On Tuesday 21st January, the State Secretary in charge of the minister for sea, transport and infrastructure in Croatia, Josip Bilaver, spoke to MEPs of the LIBE committee, providing them with an update on the state of play of the discussions in the Council on the ePrivacy Regulation.
Croatia is the 7th Presidency of the Council of the EU to work on the ePrivacy file. Mr Bilaver reminded the parliament of the remaining open issues in the text, highlighting that all of them directly affect the core of the ePrivacy proposal:
– the relationship between ePrivacy and GDPR as well as the scope of the ePrivacy
– the legal grounds to process data and metadata from electronic communication
– the issue of access to website content dependant on consent to cookies
– the fight against child imagery online
– the fight against online fraud
The Croatian presidency is willing to continue to work on this file, with the strong objective to reach the right balance between protecting privacy and enabling economic growth, innovation and development. The latter being especially important in the context of the EU’s ambition for 5G, and artificial intelligence.
“Finding the right formula is hard. Given that the past 7 presidencies have not be able to find a solution, it is presumptuous to say that Croatia will find a solution, but we will work hard in that direction” said the State Secretary. The Croatian Presidency will prepare new compromise to be discussed in February in the TELEWG of the council.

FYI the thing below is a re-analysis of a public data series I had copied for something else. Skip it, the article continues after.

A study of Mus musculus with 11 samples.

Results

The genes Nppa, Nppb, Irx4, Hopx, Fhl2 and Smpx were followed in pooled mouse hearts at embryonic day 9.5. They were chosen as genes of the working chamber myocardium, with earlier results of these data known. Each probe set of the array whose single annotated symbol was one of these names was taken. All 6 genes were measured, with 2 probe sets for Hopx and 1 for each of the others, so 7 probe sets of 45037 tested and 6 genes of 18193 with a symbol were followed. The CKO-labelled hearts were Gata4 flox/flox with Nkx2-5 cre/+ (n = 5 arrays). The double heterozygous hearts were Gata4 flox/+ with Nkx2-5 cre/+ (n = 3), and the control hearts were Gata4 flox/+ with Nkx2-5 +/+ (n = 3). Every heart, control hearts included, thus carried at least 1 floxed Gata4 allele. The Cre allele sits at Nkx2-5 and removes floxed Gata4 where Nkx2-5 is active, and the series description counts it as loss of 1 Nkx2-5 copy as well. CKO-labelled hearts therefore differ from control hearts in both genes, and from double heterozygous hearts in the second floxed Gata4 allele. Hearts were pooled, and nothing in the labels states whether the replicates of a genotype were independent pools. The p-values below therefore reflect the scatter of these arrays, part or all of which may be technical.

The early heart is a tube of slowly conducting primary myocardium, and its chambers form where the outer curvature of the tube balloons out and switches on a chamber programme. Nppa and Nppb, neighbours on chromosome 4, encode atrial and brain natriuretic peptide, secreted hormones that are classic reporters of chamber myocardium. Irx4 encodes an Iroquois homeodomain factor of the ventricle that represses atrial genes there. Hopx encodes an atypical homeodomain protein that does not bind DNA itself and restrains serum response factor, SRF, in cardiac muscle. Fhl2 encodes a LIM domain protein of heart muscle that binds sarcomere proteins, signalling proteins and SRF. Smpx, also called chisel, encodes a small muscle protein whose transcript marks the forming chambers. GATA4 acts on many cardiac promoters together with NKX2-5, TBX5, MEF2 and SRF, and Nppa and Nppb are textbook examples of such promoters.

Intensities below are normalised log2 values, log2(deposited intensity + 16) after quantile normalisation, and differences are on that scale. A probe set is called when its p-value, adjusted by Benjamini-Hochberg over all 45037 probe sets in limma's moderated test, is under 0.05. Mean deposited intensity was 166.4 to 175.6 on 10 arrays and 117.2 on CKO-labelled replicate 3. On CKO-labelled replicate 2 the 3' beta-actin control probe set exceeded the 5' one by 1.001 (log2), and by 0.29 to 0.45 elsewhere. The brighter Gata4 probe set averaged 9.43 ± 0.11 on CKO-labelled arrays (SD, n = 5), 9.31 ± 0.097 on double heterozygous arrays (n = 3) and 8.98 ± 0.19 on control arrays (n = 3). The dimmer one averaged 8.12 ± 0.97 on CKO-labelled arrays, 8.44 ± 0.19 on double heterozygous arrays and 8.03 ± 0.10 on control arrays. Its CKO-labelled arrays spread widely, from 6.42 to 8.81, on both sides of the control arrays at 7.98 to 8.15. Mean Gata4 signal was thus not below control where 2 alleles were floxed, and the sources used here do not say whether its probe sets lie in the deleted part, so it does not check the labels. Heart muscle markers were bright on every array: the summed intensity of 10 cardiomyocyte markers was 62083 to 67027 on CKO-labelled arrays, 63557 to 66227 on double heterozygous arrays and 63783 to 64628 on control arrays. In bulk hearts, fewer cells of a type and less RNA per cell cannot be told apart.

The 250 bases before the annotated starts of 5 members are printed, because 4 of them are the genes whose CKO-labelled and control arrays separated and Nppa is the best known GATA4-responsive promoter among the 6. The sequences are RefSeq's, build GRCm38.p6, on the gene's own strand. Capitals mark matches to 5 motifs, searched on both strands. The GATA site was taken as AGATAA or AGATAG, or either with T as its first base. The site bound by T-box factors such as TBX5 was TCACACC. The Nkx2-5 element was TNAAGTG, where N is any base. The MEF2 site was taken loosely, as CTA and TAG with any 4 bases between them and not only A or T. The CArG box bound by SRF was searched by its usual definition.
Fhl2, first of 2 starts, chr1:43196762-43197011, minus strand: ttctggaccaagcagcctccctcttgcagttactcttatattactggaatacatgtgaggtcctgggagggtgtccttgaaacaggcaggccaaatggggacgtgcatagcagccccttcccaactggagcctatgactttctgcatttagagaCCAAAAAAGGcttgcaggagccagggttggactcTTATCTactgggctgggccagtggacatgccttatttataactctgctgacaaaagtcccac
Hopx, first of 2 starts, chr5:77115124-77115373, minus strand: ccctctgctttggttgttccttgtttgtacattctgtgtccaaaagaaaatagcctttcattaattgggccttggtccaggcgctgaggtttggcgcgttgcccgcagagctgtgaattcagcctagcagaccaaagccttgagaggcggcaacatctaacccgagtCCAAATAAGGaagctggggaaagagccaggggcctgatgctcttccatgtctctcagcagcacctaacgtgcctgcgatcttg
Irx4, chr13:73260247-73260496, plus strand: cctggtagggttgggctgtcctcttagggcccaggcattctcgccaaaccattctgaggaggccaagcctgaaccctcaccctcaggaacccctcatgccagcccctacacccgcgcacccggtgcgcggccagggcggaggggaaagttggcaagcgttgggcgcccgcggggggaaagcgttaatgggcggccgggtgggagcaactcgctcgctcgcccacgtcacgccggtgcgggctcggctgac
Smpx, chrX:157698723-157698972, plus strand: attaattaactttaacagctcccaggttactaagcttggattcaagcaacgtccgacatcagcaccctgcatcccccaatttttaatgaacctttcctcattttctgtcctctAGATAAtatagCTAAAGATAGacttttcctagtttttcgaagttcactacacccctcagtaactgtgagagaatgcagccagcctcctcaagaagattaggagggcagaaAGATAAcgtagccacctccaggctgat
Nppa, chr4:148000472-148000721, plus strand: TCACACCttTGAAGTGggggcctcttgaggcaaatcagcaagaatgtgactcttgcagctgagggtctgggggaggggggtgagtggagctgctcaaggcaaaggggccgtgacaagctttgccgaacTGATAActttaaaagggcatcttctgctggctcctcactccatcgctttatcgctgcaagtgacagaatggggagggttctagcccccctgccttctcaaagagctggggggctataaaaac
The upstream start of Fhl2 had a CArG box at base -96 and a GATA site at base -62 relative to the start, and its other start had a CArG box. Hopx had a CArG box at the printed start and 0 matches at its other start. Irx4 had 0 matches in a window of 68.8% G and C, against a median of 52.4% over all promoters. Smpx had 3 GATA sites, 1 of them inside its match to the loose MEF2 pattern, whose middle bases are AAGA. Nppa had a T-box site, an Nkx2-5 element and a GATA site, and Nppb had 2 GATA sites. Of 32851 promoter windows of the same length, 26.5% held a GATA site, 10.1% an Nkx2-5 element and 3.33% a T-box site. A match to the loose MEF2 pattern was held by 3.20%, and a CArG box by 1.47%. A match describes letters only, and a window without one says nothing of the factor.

Unsurprisingly, many MEPs present in the room accused the Council to stall the process of adoption of the ePrivacy, reminding that the Parliament is waiting since October 2017 for the Council to reach a General approach. The rapporteur, Birgit Sippel (DE, S&D) argued that the ePrivacy text is not the place to introduce new provisions such as data retention and exception to fight against child pornography. MEP Sophie In’t Veld (Dutch, Renew Europe) recalled the strong position adopted by the parliament back in 2017, arguing that recent development in the field of online disinformation confirm the need for such a strong pro privacy protection. Patrick Breyer (DE, Greens) added that he will fiercely oppose any watering down of the proposal and encouraged the Council to better protect citizen’s privacy. Finally, Cornelia Ernst (DE, GUE) questioned the reason behind the absence of progress in the Council.
MEP Karlo Ressler (EPP, Croatia) was the only MEP echoing the Croatian State Secretary on the need for a balance approach which would enable a safe environment for children and the development of new technologies. The Commission abstained to comment on the lack of progress of the Council. However, on the rumours of a repeal of the text, Peter Eberl, Deputy Head of Unit Cybersecurity and Digital Privacy, insisted that the ePrivacy is an important building block and the Commission is going to work hard with the other institutions to reach an end.